Since the 2016 presidential election, the internet has been abuzz with calls for more and better education: more philosophy, more civics, more history, more media literacy, to list a few. Looking at the history of American public education, such calls make sense. Americans have long viewed public schools as the primary site of moral and cultural development—the institution that cures social ills, protects public health and safety, and ensures the transition of our democratic republic from one generation to the next. Yet, despite the calls for philosophy, civics, history and the liberal arts more generally, the most desperate need of all in our schools is democratic education.
As the Institute for Democratic Education in America (IDEA) describes it, democratic education incorporates the “values of meaningful participation, personal initiative, and equality and justice for all” into the classroom. People have been calling for democratic education in the United States since at least the early 20th century. Under the impression that democratic behavior is not necessarily natural behavior, educational scholars such as John Dewey explained that learning isolated facts and bits of knowledge was a form of mental captivity. In such a system, students were made to perform rote tasks that were socially important, but not necessarily relevant or interesting to students. Dewey knew that such passive learning would not be enough to prepare students for the rigorous duties of democratic life, and he called upon schools to engage students in active, democratic practices.
Michael Apple and James Beane explain in Democratic Schools: Lessons in Powerful Education that democracy in present-day schools “has fallen on hard times.” While schools may teach about democracy—for example, the three branches of government or the line of succession to the presidency, topics often tucked away in civics and government classes—schools rarely engage students in democracy.
Dewey’s calls for democratic education were made at a distinctly different time with vastly different concerns and constraints. It begs the question, “What might democratic practice look like in a 21st-century classroom characterized by standardized testing and high-stakes accountability?” Indeed, if we find Dewey’s ideas compelling, it is worth exploring how we might define democratic education for a new era.
Such a definition might begin with the assumption that a democratic classroom requires scaffolding by a skilled and knowledgeable teacher who plays a critical role in guiding students to the best possible choices. Students and teachers in a democratic classroom must constantly negotiate the complexities of democratic life. As a result, democratic classrooms should be participatory—characterized by student choice, action, and deliberation. Deliberative classrooms promote discussion and generally see difference as a virtue. While democratic classrooms are deliberative and thus open to various perspectives, they are also, in scholar Amy Gutmann’s terms, nonrepressive and nondiscriminatory. These principles set limits on individual liberty and the “tyranny of the majority” by considering any suggested policy, statement or action that would repress a student’s potential participation to be outside the bounds of democratic discourse.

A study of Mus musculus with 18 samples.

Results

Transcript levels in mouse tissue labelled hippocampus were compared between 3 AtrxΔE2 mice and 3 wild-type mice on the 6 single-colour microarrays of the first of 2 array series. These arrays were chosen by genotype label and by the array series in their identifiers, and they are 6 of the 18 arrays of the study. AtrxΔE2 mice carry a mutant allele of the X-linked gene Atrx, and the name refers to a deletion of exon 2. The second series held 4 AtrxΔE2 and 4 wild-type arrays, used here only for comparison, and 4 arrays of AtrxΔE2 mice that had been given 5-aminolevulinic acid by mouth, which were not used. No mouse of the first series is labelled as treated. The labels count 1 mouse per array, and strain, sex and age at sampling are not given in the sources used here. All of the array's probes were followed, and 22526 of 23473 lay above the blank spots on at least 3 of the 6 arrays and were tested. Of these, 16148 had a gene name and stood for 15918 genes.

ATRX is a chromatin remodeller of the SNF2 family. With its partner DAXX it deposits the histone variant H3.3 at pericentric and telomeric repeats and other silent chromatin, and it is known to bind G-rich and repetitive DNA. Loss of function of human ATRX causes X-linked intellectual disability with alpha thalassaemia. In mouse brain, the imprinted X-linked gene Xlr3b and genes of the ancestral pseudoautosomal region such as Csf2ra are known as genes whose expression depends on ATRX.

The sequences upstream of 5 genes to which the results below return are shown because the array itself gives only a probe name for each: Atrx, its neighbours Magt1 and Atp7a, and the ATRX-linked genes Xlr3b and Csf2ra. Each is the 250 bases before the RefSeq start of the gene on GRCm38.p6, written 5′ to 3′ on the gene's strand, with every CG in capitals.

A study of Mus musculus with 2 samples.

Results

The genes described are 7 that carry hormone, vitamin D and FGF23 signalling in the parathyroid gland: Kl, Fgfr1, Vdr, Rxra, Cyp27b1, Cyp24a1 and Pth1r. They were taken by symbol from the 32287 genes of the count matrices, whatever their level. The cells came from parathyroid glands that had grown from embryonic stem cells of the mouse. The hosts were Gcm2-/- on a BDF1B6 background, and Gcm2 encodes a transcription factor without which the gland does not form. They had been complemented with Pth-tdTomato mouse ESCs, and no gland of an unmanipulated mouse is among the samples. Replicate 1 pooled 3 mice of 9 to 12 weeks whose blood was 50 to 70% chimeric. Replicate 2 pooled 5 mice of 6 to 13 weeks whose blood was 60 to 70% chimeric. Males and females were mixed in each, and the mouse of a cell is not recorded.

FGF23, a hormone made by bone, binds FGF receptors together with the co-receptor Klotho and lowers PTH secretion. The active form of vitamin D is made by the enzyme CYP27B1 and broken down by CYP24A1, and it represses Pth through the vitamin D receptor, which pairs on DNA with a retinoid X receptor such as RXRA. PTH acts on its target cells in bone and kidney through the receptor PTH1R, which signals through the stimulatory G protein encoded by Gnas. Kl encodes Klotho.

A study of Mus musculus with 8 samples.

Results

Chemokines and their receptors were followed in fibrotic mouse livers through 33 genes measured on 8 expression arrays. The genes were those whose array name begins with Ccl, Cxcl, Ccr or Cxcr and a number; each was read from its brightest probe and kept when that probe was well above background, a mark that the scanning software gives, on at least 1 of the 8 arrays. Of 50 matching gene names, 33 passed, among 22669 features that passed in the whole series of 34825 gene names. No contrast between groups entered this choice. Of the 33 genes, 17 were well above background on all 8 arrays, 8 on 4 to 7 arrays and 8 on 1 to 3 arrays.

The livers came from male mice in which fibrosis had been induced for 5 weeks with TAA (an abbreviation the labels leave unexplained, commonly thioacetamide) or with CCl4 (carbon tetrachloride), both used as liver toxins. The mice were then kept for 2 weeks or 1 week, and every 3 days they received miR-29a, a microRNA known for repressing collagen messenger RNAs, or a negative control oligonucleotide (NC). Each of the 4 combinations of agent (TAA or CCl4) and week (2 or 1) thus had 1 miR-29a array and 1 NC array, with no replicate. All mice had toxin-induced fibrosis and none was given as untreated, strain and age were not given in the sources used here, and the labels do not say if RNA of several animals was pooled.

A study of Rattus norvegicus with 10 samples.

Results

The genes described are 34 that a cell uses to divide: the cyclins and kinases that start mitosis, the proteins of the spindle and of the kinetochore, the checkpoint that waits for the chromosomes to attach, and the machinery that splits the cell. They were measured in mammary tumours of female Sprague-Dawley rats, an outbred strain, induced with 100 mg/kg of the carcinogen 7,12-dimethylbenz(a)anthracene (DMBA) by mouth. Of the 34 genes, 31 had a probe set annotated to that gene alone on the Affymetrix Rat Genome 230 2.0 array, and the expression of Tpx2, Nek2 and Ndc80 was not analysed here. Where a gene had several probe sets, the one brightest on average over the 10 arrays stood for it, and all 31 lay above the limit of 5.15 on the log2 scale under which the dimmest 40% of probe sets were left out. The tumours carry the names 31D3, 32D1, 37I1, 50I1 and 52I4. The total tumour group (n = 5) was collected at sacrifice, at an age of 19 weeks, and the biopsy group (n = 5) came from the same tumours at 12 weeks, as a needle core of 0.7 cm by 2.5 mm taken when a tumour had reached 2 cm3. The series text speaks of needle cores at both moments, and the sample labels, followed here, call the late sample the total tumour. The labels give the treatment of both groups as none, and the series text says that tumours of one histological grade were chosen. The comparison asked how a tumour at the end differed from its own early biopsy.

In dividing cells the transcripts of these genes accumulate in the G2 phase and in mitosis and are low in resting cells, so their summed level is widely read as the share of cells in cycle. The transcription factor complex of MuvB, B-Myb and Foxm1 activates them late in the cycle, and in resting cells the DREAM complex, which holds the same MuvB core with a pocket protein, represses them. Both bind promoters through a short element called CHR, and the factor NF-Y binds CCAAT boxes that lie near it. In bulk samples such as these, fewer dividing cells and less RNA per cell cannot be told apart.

Because of this emphasis on nondiscrimination, democratic classrooms are moral. They reinforce the democratic values of diversity, liberty, justice and equality. They are also empathetic, as empathy is necessary for the promotion of the common good and is key to democratic deliberation and collaboration. Lastly, democratic classrooms are critical: They promote a type of thinking that encourages students to question their worldviews, to think critically about their opinions and to realize that their ways of thinking and living are not predetermined, neutral or natural, but rather culturally and historically constituted.
In our deeply divided political environment, democratic classrooms are necessary to engage future civic participants in the processes of a democracy. Resources to begin making the elementary classroom more democratic can be found across the web. These resources include ways to co-create classroom rules with students, develop democratic classroom meetings and establish responsive classrooms. Books such as Civic Education in the Elementary Grades: Promoting Student Engagement in an Era of Accountability and Black Ants and Buddhists: Thinking Critically and Teaching Differently in the Primary Grades offer portraits of democratic practice in the classroom. Teaching Tolerance’s Social Justice Standards and curricular tool, Perspectives for a Diverse America, are two examples for grades K–12.
Many educators have likely wondered how to proceed in this new era, and many will settle into summer planning for the next school year soon enough. My hope is that they will incorporate democratic education into their classroom procedures and curricula. In the words of Isaac Graves, “To create a more just, sustainable and democratic world, we need democratic education.” And we need it now more than ever.
Schroeder is a doctoral candidate in curriculum, teaching and teacher education at the University of Florida and is a former secondary English and social studies teacher. She is researching democratic education, the social context of education and pre-service social studies education.